This week’s EXSS Impact post represents the initial work being done to better understand the inter-play between sport-related concussion and musculoskeletal injury. Many thanks to Robert Lynall and Tim Mauntel (PhD students in the Human Movement Science Curriculum) for their combined efforts on this project and for developing this week’s EXSS Impact content under the guidance of their faculty advisors (Jason Mihalik and Darin Padua, respectively).
Why did you do this study?
Concussions affect millions of athletes each year, and continue to be a popular topic of discussion in the media. Almost 2 decades of research have identified deficits in several key areas following concussion, including balance, neurocognition, and symptom reporting. This research has led to improved clinical management standards and overall improved patient outcomes following concussion. More recent research has described differences in how people move following concussion as compared to people who have not sustained a brain injury. Importantly, these movement differences often remain present even after balance, neurocognition, and symptom reporting return to normal in concussed athletes. Although the underlying causes of movement differences following concussion are unknown, it is clear athletes often return to high-level sport activity following concussion while still demonstrating movement differences compared to their non-concussed counterparts. This begs the question: Are recently concussed individuals more likely to sustain acute lower extremity musculoskeletal injuries?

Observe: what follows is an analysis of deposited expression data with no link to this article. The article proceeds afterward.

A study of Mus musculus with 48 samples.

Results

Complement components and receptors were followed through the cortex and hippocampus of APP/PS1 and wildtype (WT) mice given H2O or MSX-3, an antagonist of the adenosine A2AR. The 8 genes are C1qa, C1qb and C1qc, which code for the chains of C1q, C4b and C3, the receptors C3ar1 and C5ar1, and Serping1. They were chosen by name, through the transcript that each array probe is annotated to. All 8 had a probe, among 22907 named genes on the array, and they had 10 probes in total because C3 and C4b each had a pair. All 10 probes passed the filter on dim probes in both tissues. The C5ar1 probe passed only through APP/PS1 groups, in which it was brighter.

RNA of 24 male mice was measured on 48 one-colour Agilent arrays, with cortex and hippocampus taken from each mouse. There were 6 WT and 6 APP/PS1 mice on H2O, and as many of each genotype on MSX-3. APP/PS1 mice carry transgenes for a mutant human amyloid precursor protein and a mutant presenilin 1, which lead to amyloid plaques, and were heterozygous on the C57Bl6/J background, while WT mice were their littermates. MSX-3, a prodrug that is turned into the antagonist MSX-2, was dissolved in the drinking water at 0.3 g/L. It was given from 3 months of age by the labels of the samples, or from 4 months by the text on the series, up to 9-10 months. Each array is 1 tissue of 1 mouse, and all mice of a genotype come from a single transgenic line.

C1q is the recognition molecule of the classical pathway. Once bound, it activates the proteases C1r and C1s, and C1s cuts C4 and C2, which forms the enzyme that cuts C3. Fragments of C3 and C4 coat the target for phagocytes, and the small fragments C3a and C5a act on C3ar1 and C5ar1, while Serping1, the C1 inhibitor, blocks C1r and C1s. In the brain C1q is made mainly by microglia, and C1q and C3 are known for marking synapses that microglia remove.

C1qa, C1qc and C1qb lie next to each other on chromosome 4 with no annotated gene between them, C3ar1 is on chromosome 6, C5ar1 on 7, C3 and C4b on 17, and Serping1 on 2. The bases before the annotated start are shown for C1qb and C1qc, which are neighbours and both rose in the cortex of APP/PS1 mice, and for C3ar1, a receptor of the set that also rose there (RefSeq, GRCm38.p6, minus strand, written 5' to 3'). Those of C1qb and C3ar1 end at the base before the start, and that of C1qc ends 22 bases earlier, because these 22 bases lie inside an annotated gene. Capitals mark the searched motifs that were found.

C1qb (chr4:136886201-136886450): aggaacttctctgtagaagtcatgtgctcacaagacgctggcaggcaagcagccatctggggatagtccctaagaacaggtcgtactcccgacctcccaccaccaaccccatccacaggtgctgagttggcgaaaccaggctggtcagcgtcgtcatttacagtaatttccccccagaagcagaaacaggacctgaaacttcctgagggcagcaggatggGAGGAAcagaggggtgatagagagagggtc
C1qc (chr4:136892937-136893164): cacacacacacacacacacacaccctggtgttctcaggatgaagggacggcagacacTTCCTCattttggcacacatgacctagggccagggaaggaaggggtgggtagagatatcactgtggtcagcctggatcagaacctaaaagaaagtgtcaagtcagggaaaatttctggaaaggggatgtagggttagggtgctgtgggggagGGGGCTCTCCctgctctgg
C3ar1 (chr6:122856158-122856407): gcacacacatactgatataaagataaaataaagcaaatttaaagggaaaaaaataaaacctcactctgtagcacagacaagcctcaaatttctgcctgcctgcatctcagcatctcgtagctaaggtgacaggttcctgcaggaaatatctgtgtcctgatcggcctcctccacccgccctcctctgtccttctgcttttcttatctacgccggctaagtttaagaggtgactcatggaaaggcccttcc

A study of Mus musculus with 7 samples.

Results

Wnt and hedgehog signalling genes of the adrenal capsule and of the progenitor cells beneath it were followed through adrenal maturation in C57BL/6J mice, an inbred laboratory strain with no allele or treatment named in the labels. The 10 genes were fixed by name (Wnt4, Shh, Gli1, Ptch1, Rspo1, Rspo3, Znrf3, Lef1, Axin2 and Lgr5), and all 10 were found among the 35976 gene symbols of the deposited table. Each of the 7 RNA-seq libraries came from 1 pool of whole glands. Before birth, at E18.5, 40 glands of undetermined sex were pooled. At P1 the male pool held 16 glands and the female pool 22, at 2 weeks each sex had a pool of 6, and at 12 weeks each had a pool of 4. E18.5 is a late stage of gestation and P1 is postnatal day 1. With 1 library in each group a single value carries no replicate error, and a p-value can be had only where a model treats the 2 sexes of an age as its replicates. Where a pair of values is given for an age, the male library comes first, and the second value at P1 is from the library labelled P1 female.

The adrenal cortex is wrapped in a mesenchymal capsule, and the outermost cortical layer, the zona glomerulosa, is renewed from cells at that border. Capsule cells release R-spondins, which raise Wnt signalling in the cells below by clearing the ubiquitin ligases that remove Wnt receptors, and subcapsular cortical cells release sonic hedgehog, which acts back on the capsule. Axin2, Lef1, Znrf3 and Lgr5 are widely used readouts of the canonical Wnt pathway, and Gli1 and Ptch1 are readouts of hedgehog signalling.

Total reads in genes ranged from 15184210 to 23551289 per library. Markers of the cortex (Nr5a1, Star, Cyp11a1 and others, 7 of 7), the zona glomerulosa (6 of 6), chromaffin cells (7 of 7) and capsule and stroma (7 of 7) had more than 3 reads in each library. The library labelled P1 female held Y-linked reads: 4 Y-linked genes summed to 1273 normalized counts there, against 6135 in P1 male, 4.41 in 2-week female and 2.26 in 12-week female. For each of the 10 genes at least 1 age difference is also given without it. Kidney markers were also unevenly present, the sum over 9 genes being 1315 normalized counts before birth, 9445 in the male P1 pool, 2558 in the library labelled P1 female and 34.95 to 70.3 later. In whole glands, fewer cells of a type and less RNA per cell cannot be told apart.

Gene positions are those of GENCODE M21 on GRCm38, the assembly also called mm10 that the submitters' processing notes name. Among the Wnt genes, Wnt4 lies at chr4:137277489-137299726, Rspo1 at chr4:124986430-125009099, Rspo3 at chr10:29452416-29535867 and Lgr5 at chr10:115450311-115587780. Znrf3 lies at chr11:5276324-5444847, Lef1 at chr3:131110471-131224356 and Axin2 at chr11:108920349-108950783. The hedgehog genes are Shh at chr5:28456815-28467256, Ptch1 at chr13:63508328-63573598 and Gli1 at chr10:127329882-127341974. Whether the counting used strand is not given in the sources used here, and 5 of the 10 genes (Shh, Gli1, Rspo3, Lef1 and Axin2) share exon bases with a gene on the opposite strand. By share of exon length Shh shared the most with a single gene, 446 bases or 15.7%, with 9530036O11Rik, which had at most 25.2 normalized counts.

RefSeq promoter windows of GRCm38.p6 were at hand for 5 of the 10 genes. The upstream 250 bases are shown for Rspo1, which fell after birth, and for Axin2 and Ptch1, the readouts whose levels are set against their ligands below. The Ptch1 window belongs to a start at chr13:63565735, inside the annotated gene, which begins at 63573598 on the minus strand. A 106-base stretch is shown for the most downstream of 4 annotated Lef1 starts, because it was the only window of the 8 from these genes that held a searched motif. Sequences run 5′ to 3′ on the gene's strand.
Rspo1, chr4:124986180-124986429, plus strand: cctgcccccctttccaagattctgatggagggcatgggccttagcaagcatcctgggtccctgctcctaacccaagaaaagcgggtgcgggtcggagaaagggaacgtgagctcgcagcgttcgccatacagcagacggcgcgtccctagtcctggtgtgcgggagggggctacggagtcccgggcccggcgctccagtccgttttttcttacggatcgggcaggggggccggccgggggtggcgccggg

What did you do and what did you find in this study?
The purpose of our study was to investigate acute lower extremity musculoskeletal injury rates following concussion. We did this by comparing pre- to post-concussion musculoskeletal injury rates in college athletes as well as comparing the musculoskeletal injury rates of concussed individuals to those who have not recently sustained a concussion. We found athletes experienced significantly higher musculoskeletal injury rates following concussion as compared to before the concussion. Additionally, the concussed individuals had higher musculoskeletal injury rates as compared to the matched control group.
How do these findings impact the public?
Our findings demonstrate an increased rate of acute lower-extremity musculoskeletal injury following concussion. This is an important finding, as athletes in our study were not returned to their sport until they cleared a thorough, objective battery of post-concussion assessments. In other words, our concussed athletes were back to “normal” before they returned to full activity. Our findings add to a growing body of literature suggesting people do not move the same following brain injury. Unfortunately, the root cause of these movement differences remains unknown. Our future work will aim to explore sport specific movements such as jumping and cutting to determine if differences exist between concussed and non-concussed athletes. Additionally, we will investigate important neuromuscular control domains such as functional reaction time and proprioception in the context of sport-specific movement. Understanding the effect of concussion on these neuromuscular control domains may help inform the cause of movement differences after concussion as well as the increased musculoskeletal injury rates.